Client: Lassen Innovation/Hänz
Agency: NetBase Solutions Inc.
Objective: Engage business enterprises by developing a LEGO alternative with attributes directly sourced from honest social learnings
The Backstory: Eighty percent. According to Lassen Innovation, that’s the percentage of new consumer products that fail in the marketplace after neglecting to take social insight into consideration.
“As a product developer, it’s about finding the needle movements in that space that can help you understand the landscape of what’s happening with customers and help you set the right business goals,” says Lassen Innovation CEO and inventor Nicholas Webb, whose main bread and butter is providing corporate strategy and consulting services to businesses.
Which is where Hänz enters the scene. Webb founded Hänz, a toy company that produces an unconventional building and construction kit and sits under the Lassen umbrella, to “drive business innovation,” as well as foster inventive mental processes among kids—the engineers and forward-thinking businesspeople of tomorrow.
In addition to selling the kits as a consumer toy, Lassen uses the Hänz platform as part of the enterprise innovation training it provides to its client organizations to help demonstrate pipeline management, challenge-based ideation, workforce collaboration, team building, and other business skills.
But before Webb could bring his idea to market, he knew he needed to reach out to tap the general conversation around educational toys where it was happening—among consumers in the social space.
The Solution: And for that, Webb and his team reached out to NetBase, which provides brands with social media analysis and measurement tools. One such product, the Web-based Insight Composer, allows users to, among other things, create modifiable dashboards and a variety of data visualizations—including pie charts for the left-brainers or word clouds for the right-brainers, for example—to identify and analyze competitive intelligence around specific brands and terms.
For instance, by typing “LEGO” into the Google-like Insight Composer toolbar, a user can view its full competitive landscape and locate all related and relevant conversations, as well as run filters based on designated commands.
“The bottom line is, no matter what kind of business you’re in, you have to have a fresh, real dialogue with your customers and take the time to listen and understand what they’re saying in the moment—because these conversations are dynamic and they’re happening at the speed of social,” says NetBase CMO Lisa Joy Rosner. “It’s all about understanding the customer—and where better to understand them than where they’re having honest conversations.”
The Channel: But what the customers are saying isn’t always what you want to hear—especially when it’s your brand mission to incorporate all your social learnings into the final product.
“In some ways it was interesting and in some ways it was terrifying,” Webb says.
First, Lassen used Insight Composer to drill down into the conversation happening around LEGO, ultimately identifying a quiet, but persistent base note of real-time social chatter related to Mindstorm, LEGO’s line of customizable robot kits. From that, Webb and his team uncovered a passion among its potential market for creativity and for tossing the instruction manual out the window in favor of innovation. To that end, Hänz kits don’t come with rigid step-by-step manuals. With just a handful of parts, it’s possible to use one’s imagination to create literally thousands of builds and constructions from a single Hänz set.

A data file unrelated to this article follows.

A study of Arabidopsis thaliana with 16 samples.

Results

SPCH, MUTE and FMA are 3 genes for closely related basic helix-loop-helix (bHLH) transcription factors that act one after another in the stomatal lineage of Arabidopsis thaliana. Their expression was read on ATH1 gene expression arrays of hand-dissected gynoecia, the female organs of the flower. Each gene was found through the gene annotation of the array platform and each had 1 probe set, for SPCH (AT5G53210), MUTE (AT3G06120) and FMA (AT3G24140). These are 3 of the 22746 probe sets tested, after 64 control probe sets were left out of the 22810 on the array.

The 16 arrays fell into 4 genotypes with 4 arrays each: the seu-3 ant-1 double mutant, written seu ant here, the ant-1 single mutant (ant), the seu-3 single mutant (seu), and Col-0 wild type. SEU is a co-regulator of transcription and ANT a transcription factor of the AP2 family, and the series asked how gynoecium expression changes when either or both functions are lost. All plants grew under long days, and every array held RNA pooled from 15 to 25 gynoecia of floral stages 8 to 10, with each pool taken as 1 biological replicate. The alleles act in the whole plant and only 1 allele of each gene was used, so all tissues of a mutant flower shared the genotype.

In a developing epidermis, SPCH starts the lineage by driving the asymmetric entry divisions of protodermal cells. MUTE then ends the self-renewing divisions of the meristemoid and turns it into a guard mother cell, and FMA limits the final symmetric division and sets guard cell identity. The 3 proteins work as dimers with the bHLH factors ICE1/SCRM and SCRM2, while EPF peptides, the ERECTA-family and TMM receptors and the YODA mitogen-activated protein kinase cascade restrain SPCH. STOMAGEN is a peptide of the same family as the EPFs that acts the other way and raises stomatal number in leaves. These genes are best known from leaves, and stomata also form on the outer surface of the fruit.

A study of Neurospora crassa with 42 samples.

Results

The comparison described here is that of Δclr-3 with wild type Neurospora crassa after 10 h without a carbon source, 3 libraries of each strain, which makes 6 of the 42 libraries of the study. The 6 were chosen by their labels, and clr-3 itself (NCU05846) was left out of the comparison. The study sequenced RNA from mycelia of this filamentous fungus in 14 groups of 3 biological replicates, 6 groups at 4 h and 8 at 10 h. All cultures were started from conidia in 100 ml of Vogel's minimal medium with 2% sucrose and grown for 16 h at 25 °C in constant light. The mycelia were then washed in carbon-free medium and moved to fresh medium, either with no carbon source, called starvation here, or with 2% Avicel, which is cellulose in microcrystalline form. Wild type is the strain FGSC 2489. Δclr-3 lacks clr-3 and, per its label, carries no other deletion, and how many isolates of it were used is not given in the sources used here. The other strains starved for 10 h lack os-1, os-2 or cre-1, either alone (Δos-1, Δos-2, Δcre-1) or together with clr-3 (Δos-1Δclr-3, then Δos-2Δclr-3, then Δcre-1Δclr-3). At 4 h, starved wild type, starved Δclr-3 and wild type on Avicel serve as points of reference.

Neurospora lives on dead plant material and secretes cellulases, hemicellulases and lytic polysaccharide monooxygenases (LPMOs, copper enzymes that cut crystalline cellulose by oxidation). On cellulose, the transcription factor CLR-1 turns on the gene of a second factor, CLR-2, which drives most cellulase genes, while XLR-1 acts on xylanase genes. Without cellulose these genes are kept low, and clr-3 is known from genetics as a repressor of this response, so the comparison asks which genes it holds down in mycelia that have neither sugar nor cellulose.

“When you look at LEGO, the passion really lives with Mindstorm,” Webb says. “There’s a following for the blocks, but there’s almost a religious order of Mindstorm people.”
Next, as part of its consumer VoC project, the Lassen team learned how important it is for toys to have an “educational deliverable,” especially for moms over 30—the main purse-string holders of the family toy budget. This is also what would give the product its versatility and make it a useful tool for Lassen’s business clients.
In its listening, Lassen also learned that the mom segment is extremely enthusiastic about Fair Trade, the green movement, and products “Made in America.” These were particularly pertinent—and somewhat painful—insights for the management consulting firm, since it meant having to produce Hänz in the U.S. But although it added significant cost to the process, it was a necessary step in bringing Hänz to the consumer market.
Last, using social insights, Lassen recognized the need to create a complementary collaborative online community where enthusiasts could chat, work together on original projects, compete, and share ideas. “Hänz would be a completely different product without social insights,” Webb says. “That’s the poetry of this.”
The Results: In less than a month after launching on January 1, 2013, Lassen sold out of its initial product run. The company projected sales of $3.8 million in the first year—which is not too shabby considering Lassen’s seed budget for the Hänz project was just $150,000.
According to NetBase, Lassen was able to reduce the usual cost of gleaning market insight by 43% by using the Insight Composer.
The Takeaway: The ultimate lesson, Webb says, is that if you listen, you will learn; and if you activate, they will come. Social insight done right is a marketer’s best friend.
“It’s really the most real-time and accurate read you can have on what your customers are thinking,” he says. “The number one secret to customer satisfaction is to understand exactly who your customers are and what they want—and at this moment in time, your customers are telling you exactly that all across the social Web.”